Still Bowling Alone
Increasingly, Americans are connecting in isolation. It may sound like an oxymoron, but it’s a truism of the 21st century. I’m not just talking about social media. We live more geographically disparate lives than we used to, don’t socialize at PTA meetings or churches or public pools and a third of us can’t even name our neighbor. Further, the people we do interact with tend to be groups of like minds: poor with poor, rich with rich; democrats with blue friends, republicans with red. It all adds up to a divisive village square — if it exists at all anymore.
These are the observations by Joe Cortright of City Observatory in a new study about the slow and steady breakdown of social capital nationally. It’s been written about before — social scientist Robert Putnam originally coined the phrase “bowling alone” 20 years ago to describe this same phenomena of America’s fast-disappearing civic life — but Cortright presents data and telling evidence of “negative social capital” (like the dramatic rise of private security officers) to show the stratification of our civic sphere.
“Do you trust most people?” That’s been a question asked on the General Social Survey for most of the past 40 years. Only a third of Americans answered affirmatively in 2012, compared to half in the early 1970s. Roughly a third also admitted to never spending time with their neighbors — the same share of people who in the 1970s said they’d spend two times a week with neighbors at a minimum. Neighborhoods ain’t what they used to be.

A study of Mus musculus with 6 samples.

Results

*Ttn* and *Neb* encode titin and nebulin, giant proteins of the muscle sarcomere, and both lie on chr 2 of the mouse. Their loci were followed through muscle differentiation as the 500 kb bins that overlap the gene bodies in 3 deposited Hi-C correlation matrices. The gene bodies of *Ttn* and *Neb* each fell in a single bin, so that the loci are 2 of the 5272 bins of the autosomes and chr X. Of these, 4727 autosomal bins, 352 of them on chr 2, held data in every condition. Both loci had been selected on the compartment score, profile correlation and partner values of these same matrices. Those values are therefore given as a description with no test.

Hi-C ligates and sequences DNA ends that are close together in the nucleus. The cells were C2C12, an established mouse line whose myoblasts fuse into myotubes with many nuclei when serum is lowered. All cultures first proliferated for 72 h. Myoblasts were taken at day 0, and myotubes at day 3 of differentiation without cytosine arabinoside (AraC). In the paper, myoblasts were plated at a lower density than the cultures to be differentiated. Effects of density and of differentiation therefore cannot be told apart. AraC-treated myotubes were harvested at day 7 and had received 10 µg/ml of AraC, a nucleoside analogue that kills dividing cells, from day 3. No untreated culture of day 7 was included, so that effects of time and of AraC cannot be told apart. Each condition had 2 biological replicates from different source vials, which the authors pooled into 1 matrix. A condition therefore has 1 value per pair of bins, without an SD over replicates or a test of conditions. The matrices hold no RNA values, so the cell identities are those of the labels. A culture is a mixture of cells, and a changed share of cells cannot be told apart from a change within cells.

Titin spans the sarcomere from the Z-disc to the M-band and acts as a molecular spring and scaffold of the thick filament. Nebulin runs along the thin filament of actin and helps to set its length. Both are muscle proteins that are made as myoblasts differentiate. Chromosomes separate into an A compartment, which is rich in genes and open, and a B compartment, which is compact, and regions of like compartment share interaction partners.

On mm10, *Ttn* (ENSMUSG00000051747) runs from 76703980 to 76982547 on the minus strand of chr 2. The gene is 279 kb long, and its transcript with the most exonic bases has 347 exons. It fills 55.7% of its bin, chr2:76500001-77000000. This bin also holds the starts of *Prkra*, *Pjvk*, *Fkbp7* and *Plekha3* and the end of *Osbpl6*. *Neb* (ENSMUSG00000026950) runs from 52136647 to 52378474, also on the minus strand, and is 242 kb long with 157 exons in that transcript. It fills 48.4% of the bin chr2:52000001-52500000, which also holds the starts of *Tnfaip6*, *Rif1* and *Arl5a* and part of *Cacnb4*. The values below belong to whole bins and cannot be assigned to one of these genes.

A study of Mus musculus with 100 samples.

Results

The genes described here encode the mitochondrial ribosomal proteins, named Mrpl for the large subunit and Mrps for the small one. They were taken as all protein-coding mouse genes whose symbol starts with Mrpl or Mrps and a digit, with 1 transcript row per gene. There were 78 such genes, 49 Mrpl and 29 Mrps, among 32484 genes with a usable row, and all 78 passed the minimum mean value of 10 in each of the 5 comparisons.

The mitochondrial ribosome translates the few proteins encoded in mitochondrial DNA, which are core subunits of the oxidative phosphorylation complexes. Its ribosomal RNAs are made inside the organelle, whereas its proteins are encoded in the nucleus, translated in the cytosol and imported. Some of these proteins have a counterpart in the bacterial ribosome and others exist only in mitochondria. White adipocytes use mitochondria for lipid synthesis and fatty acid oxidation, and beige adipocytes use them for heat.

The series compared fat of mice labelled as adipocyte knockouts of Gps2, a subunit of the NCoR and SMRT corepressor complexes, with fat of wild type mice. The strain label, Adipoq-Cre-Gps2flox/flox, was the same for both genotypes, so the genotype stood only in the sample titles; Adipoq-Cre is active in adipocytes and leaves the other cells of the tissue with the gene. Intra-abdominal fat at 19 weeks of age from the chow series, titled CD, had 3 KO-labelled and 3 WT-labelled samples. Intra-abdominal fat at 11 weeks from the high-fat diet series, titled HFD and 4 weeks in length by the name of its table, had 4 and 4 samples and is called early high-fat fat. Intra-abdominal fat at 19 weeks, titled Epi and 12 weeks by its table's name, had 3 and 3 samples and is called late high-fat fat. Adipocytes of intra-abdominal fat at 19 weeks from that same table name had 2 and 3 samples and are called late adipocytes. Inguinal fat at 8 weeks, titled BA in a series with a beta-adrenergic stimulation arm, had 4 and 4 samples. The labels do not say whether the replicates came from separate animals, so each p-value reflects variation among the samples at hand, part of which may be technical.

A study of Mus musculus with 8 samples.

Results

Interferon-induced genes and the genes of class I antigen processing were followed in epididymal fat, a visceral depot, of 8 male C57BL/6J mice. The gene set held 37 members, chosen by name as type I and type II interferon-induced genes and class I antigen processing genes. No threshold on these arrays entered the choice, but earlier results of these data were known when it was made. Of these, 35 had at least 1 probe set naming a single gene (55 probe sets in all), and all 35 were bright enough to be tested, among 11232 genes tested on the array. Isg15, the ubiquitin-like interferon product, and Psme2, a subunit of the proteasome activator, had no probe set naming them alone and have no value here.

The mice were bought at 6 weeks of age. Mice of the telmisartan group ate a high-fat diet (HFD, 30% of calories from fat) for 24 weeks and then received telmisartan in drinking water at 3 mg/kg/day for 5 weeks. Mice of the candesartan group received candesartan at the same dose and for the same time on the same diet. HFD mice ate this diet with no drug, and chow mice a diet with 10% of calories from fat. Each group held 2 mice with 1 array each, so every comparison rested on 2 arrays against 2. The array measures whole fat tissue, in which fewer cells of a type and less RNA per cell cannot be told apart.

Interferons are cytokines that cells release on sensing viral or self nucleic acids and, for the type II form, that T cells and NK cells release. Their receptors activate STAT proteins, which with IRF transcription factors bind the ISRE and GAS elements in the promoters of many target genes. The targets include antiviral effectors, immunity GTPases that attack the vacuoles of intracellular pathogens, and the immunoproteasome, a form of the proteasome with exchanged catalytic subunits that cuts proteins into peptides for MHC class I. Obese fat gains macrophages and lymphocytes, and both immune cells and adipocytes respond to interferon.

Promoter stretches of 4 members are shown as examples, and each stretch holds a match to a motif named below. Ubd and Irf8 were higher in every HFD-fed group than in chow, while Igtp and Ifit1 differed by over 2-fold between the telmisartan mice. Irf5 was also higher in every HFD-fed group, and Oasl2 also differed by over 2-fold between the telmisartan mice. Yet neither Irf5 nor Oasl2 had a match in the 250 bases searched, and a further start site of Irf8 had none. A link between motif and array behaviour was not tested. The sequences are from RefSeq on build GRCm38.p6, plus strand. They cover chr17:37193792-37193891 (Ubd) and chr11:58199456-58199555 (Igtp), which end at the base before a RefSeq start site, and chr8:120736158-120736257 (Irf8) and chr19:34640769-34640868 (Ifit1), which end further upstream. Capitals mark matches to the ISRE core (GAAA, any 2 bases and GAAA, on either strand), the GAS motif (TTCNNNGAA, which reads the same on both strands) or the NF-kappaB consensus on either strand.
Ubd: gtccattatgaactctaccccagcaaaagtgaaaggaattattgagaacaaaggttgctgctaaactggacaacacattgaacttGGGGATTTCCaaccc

In some ways, that’s not surprising. We have far fewer neighbors today and less reason to interact with them (see: smartphones), because, as Cortright points out, the size of homes and apartments are getting bigger, the average size of families are getting smaller and until the quite-recent resurgence in urban migration, fewer people in metro areas were electing to live in the central city — choosing the suburbs and exurbs instead (there are signs that trend is returning, post-recession). Cortright elaborates:
… now, on average, 80 percent of a metro region’s population lives outside its principal city. This fragmentation means that residents, although nominally living in the same region, have less in common. They don’t vote on the same issues or shop at the same grocery stores. The civic realm of shared amenities is carved up into many separate fiefdoms, each with its own interests, priorities for spending, and constituencies.
Dwindling interactions in the public realm produces more limited understanding between people from different walks of life, according to Washington Post’s Emily Badger:
all of this isolation means that the wealthy have little idea what the lives of the poor look like, that people who count on private resources shy away from spending on public ones, that misconceptions about groups unlike ourselves are broadly held … We’re receding from the public realm in ways that could undermine communities and the will that arises when people within them know and trust each other.
Segregation of public schools is increasing. Gated communities are more common. And private security guards have boomed from 600,000 in 1980 to more than 1 million in 2000. One might see Occupy Philly as an outgrowth of this social separation. Or the recent confrontation between a gun-wielding police officer and kids at a private pool in Texas.
But what can be done about this? If we’re not interacting at “traditional” meeting places like church or the Y, then perhaps we have to create new shared spaces that draw together these separate social “fiefdoms,” as Cortright puts it. Although Philadelphia displays some of the worst symptoms of declining social capital, such as the persistent economic segregation that exists in the city, it has also devoted resources to revamping green space — from the Schuylkill Banks to Sisters Cities Park to the anticipated Viaduct reconstruction — which have the potential to serve this purpose. Plus, new research out of Europe suggests that access to green spaces can close some of the well-being gap that typically occurs between people of different financial circumstances.